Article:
The Single-Cell Advances That Could Help Us Finally Understand Alzheimer's
After decades of fundamental scientific and drug discovery research, Alzheimer’s disease has remained inscrutable and incurable, with a bare minimum of therapeutic progress. But in a new review article in Nature Neuroscience, MIT scientists write that by employing the new research capability of single-cell profiling, the field has rapidly achieved long-sought insights with strong potential for both explaining Alzheimer’s disease and doing something meaningful about it. By analyzing this new evidence, for instance, the authors show that the disease’s disruptions converge on five main areas of cellular function, or “pathways,” in each of five major brain cell types.
Single-cell profiling technologies produce comprehensive measurements of genetic activity in individual cells, such as levels of RNA which is transcribed from DNA, so that the cell’s functions and roles of in the biology of the brain, and the pathology of disease, can be assessed. Single-cell profiling technologies go beyond genome sequencing, which catalogs the DNA present in most every cell of a person, by revealing how each cell is uniquely making use of that common set of instructions. In studying Alzheimer’s disease, scientists have been using single-cell profiling to see how various brain cells, such as distinct types of neurons and microglia and astrocytes act differently in disease compared to how they behave in a healthy brain.
In the article, MIT Brain and Cognitive Sciences doctoral student Mitch Murdock and Picower Professor Li-Huei Tsai, Director of MIT’s Picower Institute for Learning and Memory and Aging Brain Initiative, write that while the findings of single-cell profiling studies confirm that the disease’s terrible effects are complex and far-reaching, there appear to also be five pathways that become perturbed in each of five major cell types. Investigating these pathways, they write, could produce valuable biomarkers of disease and yield meaningful targets for therapeutic intervention:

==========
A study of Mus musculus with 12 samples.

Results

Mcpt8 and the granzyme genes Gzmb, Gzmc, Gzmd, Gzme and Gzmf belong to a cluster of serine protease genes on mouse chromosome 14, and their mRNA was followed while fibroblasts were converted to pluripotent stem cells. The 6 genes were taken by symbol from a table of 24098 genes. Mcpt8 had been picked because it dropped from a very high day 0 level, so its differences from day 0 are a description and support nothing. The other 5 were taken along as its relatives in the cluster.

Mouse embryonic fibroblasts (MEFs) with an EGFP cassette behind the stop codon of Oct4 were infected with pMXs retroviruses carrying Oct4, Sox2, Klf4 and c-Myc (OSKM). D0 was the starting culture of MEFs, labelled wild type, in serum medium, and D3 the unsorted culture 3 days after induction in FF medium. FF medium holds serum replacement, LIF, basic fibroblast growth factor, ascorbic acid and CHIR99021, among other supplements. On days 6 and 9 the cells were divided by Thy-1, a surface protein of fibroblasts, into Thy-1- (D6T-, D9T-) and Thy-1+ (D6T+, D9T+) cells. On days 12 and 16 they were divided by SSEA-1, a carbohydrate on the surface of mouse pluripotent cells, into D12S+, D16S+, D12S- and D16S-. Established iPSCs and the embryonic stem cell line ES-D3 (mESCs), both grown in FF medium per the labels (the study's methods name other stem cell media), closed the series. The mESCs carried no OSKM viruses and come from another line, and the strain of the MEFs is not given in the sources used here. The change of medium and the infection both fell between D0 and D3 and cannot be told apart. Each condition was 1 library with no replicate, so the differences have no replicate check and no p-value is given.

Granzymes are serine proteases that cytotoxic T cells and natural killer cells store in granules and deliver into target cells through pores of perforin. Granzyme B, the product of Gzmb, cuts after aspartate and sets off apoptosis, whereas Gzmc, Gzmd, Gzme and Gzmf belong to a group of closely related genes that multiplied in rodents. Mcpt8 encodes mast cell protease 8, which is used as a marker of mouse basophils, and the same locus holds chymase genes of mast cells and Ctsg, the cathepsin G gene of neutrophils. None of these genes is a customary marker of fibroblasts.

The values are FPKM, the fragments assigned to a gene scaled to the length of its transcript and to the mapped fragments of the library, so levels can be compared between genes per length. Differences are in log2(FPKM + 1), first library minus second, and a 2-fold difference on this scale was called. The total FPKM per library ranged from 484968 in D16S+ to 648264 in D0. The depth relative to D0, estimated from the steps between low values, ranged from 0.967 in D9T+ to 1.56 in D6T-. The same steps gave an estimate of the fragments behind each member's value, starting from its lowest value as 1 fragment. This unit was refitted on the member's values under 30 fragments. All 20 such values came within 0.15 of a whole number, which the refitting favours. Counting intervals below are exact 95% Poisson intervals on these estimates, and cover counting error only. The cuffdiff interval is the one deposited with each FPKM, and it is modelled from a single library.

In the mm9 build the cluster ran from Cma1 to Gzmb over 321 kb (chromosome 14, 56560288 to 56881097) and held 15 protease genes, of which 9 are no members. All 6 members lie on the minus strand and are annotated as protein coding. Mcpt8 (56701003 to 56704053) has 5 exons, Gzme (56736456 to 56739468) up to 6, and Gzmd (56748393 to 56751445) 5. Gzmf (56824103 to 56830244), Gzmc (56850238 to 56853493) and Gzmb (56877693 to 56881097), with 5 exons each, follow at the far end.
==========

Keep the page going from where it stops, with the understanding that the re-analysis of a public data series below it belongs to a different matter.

- Inflammation and immune response
- Lipid (fat molecule) signaling and metabolism
- Metabolic stress and protein folding
- DNA damage and cellular senescence (aging)
- Interactions with brain vasculature (blood vessels)
For each of these pathways in neurons, microglia, astrocytes, oligodendrocytes and oligodendrocyte precursor cells, Tsai and Murdock identify specific differences in gene regulation, found in single-cell studies, that significantly occur in brains of Alzheimer’s patients or mouse models compared to healthy control samples.
For example, Tsai and Murdock highlight more than a dozen genes all intimately involved in lipid processing whose expression is altered in various ways in various cells in the brain’s prefrontal cortex. For another example they show that all five cell types show impairments in DNA repair, albeit by changed expression of different genes in each.
“By identifying vulnerable cell types and the molecular programs that give rise to them, therapeutic interventions might reverse aberrant cellular trajectories,” Murdock and Tsai wrote in Nature Neuroscience. “While many transcriptional alterations are cell-type specific, these changes ultimately might converge on shared signaling pathways across cell types that might represent targets for new therapeutic strategies.”
To be sure, the authors note, there is still plenty of work to be done, both in refining and improving on single-cell techniques and also exploiting newer related opportunities. The paper notes a number of issues that must be carefully considered in producing valid single-cell profiling results, including where cells are sampled in the brain for sequencing, from whom, and in what condition. Moreover, it’s not always straightforward to show how changes in gene expression necessarily affect biology and it’s even harder to know whether any particular intervention, for instance to target altered inflammation pathways, will prove safe and effective as a therapy.
Future directions, meanwhile could include making greater use of “spatial transcriptomics,” which measures gene transcription in cells where they are situated within the brain, rather than removing them for analysis. Studies should be expanded to incorporate more human samples so that varying disease and demographic differences can be fully accounted for. Datasets should be shared and integrated, the authors write, and better comparisons between human and mouse samples are necessary to better understand how well, or not, they overlap.
“Single-cell profiling facilitates a nuanced portrait of the diverse cellular processes perturbed in the AD brain,” Tsai and Murdock conclude. “These varied molecular programs help explain the divergence between healthy aging and cognitive decline, and highlight cell-type-specific molecular programs involved in AD. Core signaling modules are disrupted across multiple cell types, and manipulating disrupted cellular states will pave the way for new therapeutic opportunities.”